Book Review – Research Methods for Architecture

Author: Raymond Lucas (Laurence King, 2016)

As a discipline, architecture often struggles with the idea of research…” It’s difficult to think of a more accurate opening statement to Ray Lucas’ Research Methods for Architecture. Given the everyday, physical nature of built world, it’s easy to assume that research within the profession of architecture would focus on the technological and technical side things, such as developing new construction techniques and systems or exploring the use of new materials. However, reflecting more critically on the architecture and the built environment, one quickly comes to realize the wide variety of ways it impacts on our lives, both individually and as a larger society.

Due to the complexity of the field, attempts at finding a single approach to researching architecture is doomed to fail: leading to the struggle so succinctly stated by Lucas in the first sentence of the book. Yet, this very same condition opens up exciting opportunities, as the multifaceted nature of the discipline underscores a wide variety of approaches available those interested in researching architecture…a variety that is captured in clear and easy-to-read prose within Research Methods for Architecture.

Being explicitly clear in his consideration of architecture as an extension of the humanities discipline (as differentiated from science), Lucas’ introduction What is architectural research? sets a brief but solid foundation for the subsequent two Parts—Fundamentals of Architectural Research and Practical Applications and Case Studies, respectively—that make up the book. This foundation includes critical vocabulary necessary (such as “Research”, “Theory”, “Practice” and “Practice-Based Research”), categories of research, the nature of proposing a thesis, framing history, social sciences and philosophy within the architectural discipline, as well as a wonderfully succinct breakdown of the structure of the book.

This lays the groundwork for the first Part that, as the outlined above, focuses on the fundamentals of conducting research and is divided into seven chapters—Defining your research question, Defining your research methodology, Building your literature review, Cross-disciplinary working, Conducting and documenting fieldwork, Conducting interviews and communication, and Writing up. Each of these is further divided into smaller subsections that, in tandem with Lucas’ succinct and accessible writing style, make the book very easy to navigate and use as a reference handbook.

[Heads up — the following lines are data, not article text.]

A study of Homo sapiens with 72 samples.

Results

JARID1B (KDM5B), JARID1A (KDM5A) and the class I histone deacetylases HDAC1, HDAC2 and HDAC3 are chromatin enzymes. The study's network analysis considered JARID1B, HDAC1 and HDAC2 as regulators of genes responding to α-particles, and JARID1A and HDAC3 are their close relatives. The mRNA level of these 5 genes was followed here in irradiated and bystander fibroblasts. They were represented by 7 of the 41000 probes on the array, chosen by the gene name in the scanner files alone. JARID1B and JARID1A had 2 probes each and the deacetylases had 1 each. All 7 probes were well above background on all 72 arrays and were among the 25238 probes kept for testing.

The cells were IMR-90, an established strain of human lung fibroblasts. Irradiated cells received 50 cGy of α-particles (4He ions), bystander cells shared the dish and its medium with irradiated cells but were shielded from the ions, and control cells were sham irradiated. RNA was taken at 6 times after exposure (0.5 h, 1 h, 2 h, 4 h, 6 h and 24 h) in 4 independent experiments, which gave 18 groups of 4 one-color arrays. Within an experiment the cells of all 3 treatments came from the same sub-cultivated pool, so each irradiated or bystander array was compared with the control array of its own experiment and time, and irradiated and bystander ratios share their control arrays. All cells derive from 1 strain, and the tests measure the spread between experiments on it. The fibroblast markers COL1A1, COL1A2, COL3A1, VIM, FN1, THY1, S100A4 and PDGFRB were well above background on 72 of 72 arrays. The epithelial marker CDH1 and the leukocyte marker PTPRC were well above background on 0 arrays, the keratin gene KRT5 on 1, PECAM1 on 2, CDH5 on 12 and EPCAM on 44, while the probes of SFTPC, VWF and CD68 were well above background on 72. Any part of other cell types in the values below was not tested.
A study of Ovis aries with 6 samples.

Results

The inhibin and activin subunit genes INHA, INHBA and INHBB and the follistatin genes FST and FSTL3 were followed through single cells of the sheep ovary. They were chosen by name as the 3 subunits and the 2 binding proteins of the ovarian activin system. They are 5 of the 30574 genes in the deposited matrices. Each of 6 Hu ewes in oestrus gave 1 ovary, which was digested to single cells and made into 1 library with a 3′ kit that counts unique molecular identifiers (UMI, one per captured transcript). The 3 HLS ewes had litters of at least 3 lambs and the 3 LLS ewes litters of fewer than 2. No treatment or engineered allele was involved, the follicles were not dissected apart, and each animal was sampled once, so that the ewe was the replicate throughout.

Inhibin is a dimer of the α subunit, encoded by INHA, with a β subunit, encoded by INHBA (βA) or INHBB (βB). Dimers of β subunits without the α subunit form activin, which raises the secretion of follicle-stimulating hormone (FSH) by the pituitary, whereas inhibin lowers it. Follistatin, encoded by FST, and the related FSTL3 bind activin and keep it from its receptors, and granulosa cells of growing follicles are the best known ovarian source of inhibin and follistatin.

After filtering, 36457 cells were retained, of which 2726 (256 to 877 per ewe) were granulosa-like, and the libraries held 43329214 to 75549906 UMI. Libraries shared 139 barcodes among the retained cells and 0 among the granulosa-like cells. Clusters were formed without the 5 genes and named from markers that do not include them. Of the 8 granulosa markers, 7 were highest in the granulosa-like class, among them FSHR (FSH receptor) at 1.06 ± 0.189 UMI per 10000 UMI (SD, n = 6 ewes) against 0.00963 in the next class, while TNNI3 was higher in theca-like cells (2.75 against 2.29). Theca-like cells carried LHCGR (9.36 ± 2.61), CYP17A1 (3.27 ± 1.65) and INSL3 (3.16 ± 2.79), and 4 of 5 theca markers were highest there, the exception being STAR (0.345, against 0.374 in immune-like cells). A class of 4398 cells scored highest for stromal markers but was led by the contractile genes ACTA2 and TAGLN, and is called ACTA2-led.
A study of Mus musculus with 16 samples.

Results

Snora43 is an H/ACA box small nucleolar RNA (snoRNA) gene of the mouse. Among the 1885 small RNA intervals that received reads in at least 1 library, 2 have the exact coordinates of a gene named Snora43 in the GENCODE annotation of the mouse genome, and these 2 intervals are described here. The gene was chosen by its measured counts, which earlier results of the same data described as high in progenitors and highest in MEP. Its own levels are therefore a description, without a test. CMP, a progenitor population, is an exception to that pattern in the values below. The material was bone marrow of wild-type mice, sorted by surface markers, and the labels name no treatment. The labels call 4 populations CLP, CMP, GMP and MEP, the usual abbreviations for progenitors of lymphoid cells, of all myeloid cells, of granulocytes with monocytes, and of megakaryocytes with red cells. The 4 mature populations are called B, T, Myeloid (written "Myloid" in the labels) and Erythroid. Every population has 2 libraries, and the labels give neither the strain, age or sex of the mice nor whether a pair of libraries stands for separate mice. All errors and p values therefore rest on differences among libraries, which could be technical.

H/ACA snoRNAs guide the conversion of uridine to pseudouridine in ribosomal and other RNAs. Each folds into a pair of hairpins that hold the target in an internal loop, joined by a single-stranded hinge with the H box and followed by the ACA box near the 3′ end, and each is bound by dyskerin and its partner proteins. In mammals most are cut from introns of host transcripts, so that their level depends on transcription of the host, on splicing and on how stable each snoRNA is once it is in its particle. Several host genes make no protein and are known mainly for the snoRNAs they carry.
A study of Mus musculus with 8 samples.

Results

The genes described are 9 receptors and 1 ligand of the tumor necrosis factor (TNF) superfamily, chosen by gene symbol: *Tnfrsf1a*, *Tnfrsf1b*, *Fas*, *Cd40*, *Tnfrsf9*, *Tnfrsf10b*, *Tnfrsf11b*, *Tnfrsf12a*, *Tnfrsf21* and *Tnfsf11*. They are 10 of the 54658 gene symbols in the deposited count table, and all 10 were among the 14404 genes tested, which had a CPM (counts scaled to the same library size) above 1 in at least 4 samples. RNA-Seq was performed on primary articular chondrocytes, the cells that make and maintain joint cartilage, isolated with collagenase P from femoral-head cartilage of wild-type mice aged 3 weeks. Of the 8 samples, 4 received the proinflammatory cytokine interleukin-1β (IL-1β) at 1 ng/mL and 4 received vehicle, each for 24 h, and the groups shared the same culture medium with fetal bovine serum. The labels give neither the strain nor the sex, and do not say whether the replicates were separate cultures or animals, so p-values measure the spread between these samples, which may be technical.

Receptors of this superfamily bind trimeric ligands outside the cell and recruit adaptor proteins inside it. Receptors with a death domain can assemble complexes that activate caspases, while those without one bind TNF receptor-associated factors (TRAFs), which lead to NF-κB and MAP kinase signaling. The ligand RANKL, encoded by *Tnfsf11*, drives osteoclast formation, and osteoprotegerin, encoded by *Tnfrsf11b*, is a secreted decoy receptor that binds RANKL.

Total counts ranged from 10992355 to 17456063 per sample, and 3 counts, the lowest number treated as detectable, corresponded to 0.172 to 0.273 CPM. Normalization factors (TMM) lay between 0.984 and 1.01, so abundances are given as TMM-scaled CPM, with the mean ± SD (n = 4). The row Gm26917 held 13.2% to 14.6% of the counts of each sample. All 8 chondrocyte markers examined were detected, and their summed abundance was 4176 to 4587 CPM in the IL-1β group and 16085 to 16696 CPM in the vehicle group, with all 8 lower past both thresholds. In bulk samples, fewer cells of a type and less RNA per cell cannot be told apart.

Importantly, along with sharing some of the practical nitty-gritty of conducting research, such as research tools (sketchbooks and notebooks vs recording media, etc.), Part 1 includes many great references and books related to the topics in question—opening the door to people and research that one previously would not have known. In fact, I found a number of titles, myself, that I had never come across prior, including Albena Yaneva’s incredibly insightful and unique Made by the Office of Metropolitan Architecture: An Ethnography of Design.

Part 2: Practical Applications and Case studies, expands on the content of Part 1 through looking at specific research projects, how they were conducted and, consequently, how their methods of research influenced the outcomes. Each of its seven chapters are divided by research topic—Material Culture, Environmental Psychology, Architectural histories, The politics of space, Philosophy, phenomenology and the experience of place, Ethnographic research, and Drawings, diagrams and maps—delving into a brief, but very instructive description of the some of the main research and researchers within each topic prior to discussing a specific project, several of which Lucas was directly involved with.

The book ends nicely with a short conclusion that considers the connection between academic research and professional architectural practice, in the form of an interview with two architects—Robert Adam and Snøhetta’s Craig Dykers—who discuss research and how it informs their work.

In his introduction, Ray Lucas writes, “the book aims to discuss research as an expanded field of possibilities.” And in its easy, succinct writing style and breadth of information, Research Methods for Architecture does his words justice, contributing well towards easing the struggle he highlights at the beginning of the book. Students of architecture, interior design and urban design should read it and, as such, it deserves to be on the shelves of all academic and public library that seriously values researching the built world.


For more information on Research Methods for Architecture, visit the Laurence King website.


Erick Villagomez is one of the founding editors at Spacing Vancouver. He is also an educator, independent researcher and designer with personal and professional interests in the urban landscapes. His private practice – Metis Design|Build – is an innovative practice dedicated to a collaborative and ecologically responsible approach to the design and construction of places. You can see more of his artwork on his Visual Thoughts Tumblrand follow him on his instagram account: @e_vill1.